Left behind by the G20: It’s time to tackle inequality
For a time in the nineties and early naughties, as financial services promised untold riches for all, discussing inequality was seen as the preserve of people at the fringe of debate. Since the onset of the credit crunch and austerity in Western countries, inequality is firmly back at the center of the public discourse.
A new Oxfam report is adding to this conversation, looking at how inequality increases poverty and vulnerability and reduces the benefits of growth. Left Behind by the G20? has worrying new figures showing that in 14 of 18 G20 countries inequality is on the rise. Back in 2010, G20 leaders argued that “for prosperity to be sustained it must be shared”. In this analysis, reducing inequality is not only morally right, it also makes future economic growth more likely.
Look at South Africa, where estimates show that in the next decade, despite growth a million more people will be pushed into poverty if the government doesn’t tackle rapidly growing inequality: in this case as in others, growth alone will not be enough.
In other countries such as Brazil, the report finds that poverty and inequality have fallen significantly – in spite of only modest levels of growth. New research in the report looks at just how many more people would escape poverty if the G20 pursued “shared growth” and finds that crucially, the policy decisions governments make really do matter for reducing the number of those living in poverty.
The report points to investment in universal access to health and education and progressive taxation policies as ways of reducing inequality and making the benefits of growth stronger. It also points to the need to address the prevailing gender inequalities that mean women have less access to education, health services and political spaces, as well as less access to land and credit. Inclusive growth must remove barriers to equal rights and opportunities for women.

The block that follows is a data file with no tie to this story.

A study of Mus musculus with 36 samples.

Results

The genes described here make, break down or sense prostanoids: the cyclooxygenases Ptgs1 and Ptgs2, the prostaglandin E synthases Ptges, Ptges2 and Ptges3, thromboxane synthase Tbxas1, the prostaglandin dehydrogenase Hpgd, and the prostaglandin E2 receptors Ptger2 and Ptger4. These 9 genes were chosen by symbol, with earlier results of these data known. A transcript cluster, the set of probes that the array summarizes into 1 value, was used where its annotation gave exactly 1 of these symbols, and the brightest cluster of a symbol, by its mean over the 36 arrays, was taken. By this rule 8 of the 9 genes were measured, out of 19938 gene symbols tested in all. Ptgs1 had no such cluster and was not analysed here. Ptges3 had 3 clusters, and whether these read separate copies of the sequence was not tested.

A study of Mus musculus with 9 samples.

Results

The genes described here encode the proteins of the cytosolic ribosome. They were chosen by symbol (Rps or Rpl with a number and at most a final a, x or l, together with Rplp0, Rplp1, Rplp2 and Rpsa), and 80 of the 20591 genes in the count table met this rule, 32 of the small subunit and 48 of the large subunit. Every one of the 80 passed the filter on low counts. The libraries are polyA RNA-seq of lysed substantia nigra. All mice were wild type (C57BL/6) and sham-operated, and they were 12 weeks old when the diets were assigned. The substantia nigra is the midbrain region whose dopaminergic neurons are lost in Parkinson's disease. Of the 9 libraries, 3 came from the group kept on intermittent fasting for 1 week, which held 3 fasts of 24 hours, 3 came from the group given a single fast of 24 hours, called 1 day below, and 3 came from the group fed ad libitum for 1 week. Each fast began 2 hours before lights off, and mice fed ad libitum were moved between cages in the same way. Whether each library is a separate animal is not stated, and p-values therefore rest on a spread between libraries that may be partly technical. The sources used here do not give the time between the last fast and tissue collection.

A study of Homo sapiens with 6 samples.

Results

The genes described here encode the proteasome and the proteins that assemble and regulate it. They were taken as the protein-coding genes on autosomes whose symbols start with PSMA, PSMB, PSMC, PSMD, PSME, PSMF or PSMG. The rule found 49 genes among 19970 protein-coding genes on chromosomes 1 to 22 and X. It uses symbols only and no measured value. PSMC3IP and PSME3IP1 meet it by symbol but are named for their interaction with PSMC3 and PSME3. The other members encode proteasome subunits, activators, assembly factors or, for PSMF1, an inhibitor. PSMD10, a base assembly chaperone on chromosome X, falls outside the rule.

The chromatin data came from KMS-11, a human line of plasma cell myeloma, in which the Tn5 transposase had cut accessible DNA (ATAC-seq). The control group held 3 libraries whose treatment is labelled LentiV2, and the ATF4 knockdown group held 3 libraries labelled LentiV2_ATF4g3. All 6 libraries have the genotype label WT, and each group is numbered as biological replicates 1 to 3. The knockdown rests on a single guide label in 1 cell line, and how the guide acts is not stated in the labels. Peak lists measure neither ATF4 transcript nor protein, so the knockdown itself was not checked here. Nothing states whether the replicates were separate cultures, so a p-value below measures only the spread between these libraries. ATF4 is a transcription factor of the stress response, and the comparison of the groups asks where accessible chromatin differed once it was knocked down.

In 2010 the G20 also endorsed “green growth”: finding ways of encouraging economic expansion without relying on unsustainable use of the earth’s resources. Rather scarily, the report states that, “No country (in the G20 or outside) has yet demonstrated that it is possible to combine high average incomes with sustainable natural resource use.” The disappointing outcomes of the recent UN Climate Change Summit in Durban, COP 17, provide further cause for concern about how committed the world’s most powerful nations are to tackling this issue.
And who will lose out? Already, we see that poor people – those who are most excluded from the benefits of growth – are hit hardest by extreme weather events and climate change. Poor people not only depend most on natural resources for their livelihoods, but also tend to live in places disproportionately affected by climate change.
The report highlights a few areas governments could act to shift things down the green path. Investment in research and development of green energy, well-directed tax breaks and tighter regulation of the major polluters will benefit the economy, help tackle inequality and promote the interests of the poorest in green economic growth.
Gone are the days when governments can simply rely on the idea that the benefits of economic growth will trickle down to the poorest people. Now we need to see the political will to take the strong action to target inequality. G20 leadership will send a message to countries around the world that tackling inequality matters. More importantly, this action is crucial if we are to prevent millions more people sliding into poverty.